Lucy in the sky (with diamonds!)
November 10, 2011 —
As I prepare to write this column each week, I struggle with a title, hoping that I might be clever, while telegraphing information regarding what I’ve seen here in the Catskills. Not wishing to be trite (or corny) is often an exercise in futility, since I’ve been both many times. Usually I have a concept in mind but more often than not, it vanishes as I traipse around the countryside in search of adventure.
Laid up with a lousy cold for a good portion of last week, I was fully prepared to call this column, “Funny, you don’t look flu-ish,” until I Googled those words and discovered that literally hundreds of writers (far more clever than I) have used it to death. Almost sorry that I had checked and slightly demoralized, I decided to see what the weekend held in store in the world of arts and entertainment, praying for inspiration.
The newest exhibit to grace the museum at Bethel Woods (bethelwoodscenter.org/museum.aspx) is yet another fascinating peek into the Woodstock generation and ‘60s experience that helped make Sullivan County famous. Psychedelia “liquid light” pioneer Marc Rubinstein (www.piglightshow.com) was in the house last Friday for the opening of the installation “The Pig Light Show,” which celebrates his innovative contributions to the live overhead projection shows he created with legendary musical performers who rose to fame during the hippie hey day.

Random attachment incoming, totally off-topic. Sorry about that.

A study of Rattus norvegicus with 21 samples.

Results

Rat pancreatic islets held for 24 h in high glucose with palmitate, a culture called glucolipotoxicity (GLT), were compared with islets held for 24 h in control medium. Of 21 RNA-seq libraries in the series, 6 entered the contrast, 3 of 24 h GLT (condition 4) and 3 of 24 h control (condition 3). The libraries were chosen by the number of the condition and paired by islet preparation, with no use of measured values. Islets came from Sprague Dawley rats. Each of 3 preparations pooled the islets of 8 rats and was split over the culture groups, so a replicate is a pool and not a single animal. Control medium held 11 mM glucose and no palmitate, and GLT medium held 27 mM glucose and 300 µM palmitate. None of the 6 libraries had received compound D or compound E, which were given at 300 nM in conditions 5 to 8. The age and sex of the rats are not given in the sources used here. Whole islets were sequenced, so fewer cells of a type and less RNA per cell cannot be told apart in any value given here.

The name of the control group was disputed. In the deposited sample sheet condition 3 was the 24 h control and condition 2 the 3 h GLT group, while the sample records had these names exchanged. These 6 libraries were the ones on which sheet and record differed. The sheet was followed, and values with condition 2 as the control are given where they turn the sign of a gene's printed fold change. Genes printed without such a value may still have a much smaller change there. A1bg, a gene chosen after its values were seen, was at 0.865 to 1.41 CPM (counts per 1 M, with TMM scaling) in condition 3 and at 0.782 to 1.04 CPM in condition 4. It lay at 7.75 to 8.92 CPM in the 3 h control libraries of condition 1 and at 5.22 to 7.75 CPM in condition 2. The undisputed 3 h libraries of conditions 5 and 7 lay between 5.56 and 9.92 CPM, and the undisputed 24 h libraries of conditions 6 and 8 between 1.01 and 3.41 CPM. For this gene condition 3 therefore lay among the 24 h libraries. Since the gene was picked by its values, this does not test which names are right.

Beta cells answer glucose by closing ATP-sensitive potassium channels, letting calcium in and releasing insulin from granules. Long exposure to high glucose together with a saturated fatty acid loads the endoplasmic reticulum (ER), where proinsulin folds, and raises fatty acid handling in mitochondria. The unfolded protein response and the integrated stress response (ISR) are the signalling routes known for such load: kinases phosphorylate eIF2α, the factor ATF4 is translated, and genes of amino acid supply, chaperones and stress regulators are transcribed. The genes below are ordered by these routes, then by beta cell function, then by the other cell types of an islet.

Still considering a title, I scribbled the words “Go toward the Light” and sat back to soak up Rubinsteins’ live demonstration of how the undulating, kaleidoscopic images are created in real time as he mixed the show (utilizing water, glycerin, inks and dyes) accompanied by five-piece rock and roll band American Dreamer (www.myspace.com/americandreamer23) performing a medley of ‘60s chart toppers.
Several of Rubinstein’s (dare I say trippy?) shows have been preserved, including concerts with Peter Gabriel, Creedence Clearwater Revival, Humble Pie and the Jimi Hendrix Experience, and many of these full-length videos can be seen (and heard) while one strolls the exhibit, which runs through the end of December. More than a little curious to find out how “The Pig Light Show” became known as such (still thinking about my title... “What’s in a name?”) I discovered (via the internet) only that Rubinstein was nicknamed “pig” during a Mothers of Invention concert under “strange incident” circumstances. ‘Nuff said.